Reflections from the Tuesday parallel session “At the cutting edge: translating resilience theory into practice to facilitate sustainability transformations”
This conference is all about resilience, but how does one actually assess and measure resilience? Allyson Quinlan from the Resilience Alliance was the first speaker of the session. She was a co-author to the first resilience assessment workbook, Assessing Resilience in Social-Ecological Systems: Workbook for Practitioners 2.0. It explains how practitioners can actually use resilience in the field. One of the key points that she brough up was the need to “persist, adapt, and transform” when applying and assessing resilience, concluding her talk stating that “identifying what your purpose is of having a resilience assessment is” and then going from there is key to any assessment.
My Sellberg from the Stockholm Resilience Centre (SRC), Sweden, follwed Quinland’s talk and showed how a resilience approach is used by regional natural resource managers in Australia. The resilience approach influenced the manager’s planning to include a social-ecological systems perspective and adaptive management. However, there is still a gap in addressing transformations in the system. Sellberg ended her presentation by suggesting four points for applying resilience thinking in planning: 1) assess opportunity context, 2) establish role of entrepreneurs, interpreters, and networks, 3) strategies to manage complexity and uncertainty, and 4) combine with “managing in, out, and up.”
Next, Lance Gundarson from the University of Idaho College of Law, US, explained how to apply resilience concepts. He compared resilience assessment handbooks with a cooking TV show in which the contestants receive all the ingredients for a dish, but not the recipe and which they have to make up themselves. He says that he wanted to avoid having a cookbook for resilience assessment but rather provide people with the ingredients needed for planning and let them work out the recipe for their specific context and needs. He said “assessments help us understand system trajectories, and that most systems are in a rigidity trap maintained by lawsuits.” Yet laws on the other hand can institutionalize change.
Energetic Kelly Siman from the Univeristy of Akron, US, introduced us to the field of biomimicry, which is the study of looking at where nature has failed and learning from it. Kelly’s research is centered on the Ohio region of Lake Erie, one of the most stressed lakes in the system. Kelly says “there are a bunch of really wealthy people that don’t want to see a green lake” and this is beneficial to her work, because industries improve when there is pressure to do so. She also tied her talk back to the opening plenary about working with art to create resilience. Her and her colleagues partner with art students to design and create green infrastructure in the lake because at the moment the lake’s shoreline is characterized by unnatural, grey cement.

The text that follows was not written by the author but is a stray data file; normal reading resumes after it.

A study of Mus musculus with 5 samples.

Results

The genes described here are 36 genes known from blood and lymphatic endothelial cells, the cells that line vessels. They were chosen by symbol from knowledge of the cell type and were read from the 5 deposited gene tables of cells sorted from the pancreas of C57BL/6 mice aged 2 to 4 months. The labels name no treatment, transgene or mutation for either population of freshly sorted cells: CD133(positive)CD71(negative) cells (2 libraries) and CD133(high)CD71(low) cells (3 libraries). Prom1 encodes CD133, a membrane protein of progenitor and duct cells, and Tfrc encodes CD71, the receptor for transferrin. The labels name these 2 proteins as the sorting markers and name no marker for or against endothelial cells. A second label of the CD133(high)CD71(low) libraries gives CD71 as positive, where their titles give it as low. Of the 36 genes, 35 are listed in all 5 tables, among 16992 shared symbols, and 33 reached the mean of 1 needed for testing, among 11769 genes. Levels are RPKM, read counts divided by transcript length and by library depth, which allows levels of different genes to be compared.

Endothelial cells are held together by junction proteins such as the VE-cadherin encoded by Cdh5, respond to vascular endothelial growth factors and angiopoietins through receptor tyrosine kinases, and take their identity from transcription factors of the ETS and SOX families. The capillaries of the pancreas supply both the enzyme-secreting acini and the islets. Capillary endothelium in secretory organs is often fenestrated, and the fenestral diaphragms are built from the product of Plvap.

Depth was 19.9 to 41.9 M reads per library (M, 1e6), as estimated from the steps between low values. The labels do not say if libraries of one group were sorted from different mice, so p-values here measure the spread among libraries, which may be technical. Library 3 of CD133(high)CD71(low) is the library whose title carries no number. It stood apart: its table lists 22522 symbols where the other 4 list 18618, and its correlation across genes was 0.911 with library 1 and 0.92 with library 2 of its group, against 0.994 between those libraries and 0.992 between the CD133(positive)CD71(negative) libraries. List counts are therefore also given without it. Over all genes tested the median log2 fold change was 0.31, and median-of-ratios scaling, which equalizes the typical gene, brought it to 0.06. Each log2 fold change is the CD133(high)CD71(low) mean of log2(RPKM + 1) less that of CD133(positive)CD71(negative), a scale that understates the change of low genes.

Finally, Elin Enfors Kautsky from the SRC introduced Wayfinder, a web-based platform that will be launched in 2018. The platform will focus on action. The tool will show actions strategies in three different domains: 1) nurture capacity of biosphere, 2) strategies to foster flexible management and governance, and 3) contribute to culture of stewardship. Kautsky and her colleagues at the SRC hope to bring forward “a comprehensive format that will still be simple yet useful for resilience practitioners.”
The session ended with a discussion about how to actually apply resilience assessment outside the realm of research. One of the participants from Ikea’s sustainability division, asked “how can we incorporate this at the corporate level at Ikea (for instance)?” Several participants and speakers immediately gave suggestions and advice on how to use resilience assessments at the corporate level. Elin suggested to “use a resilience lens right from the start when you are setting up a resilience program.” Siman added that corporate businesses in the US, such as Smuckers, are doing this by applying it to one stream, assessing it, and then scaling it up from there. This to me is what this whole conference is about, people sharing experiences, insights, and ideas and working together for a more resilient future.
Your Resilience2017 correspondent:
Ida Gabrielsson is a communications officer for the Sustainable Poverty Alleviation from Coastal Ecosystem Services (SPACES) project led by Tim Daw and Kate Brown. She has a master’s degree in Environmental Science with a focus on environmental communication from the Swedish University of Agricultural Sciences (SLU). Ida has an interest in making environmental science accessible to a wider audience. She was born and raised in Pittsburgh, Pennsylvania but is now happy to call Stockholm home.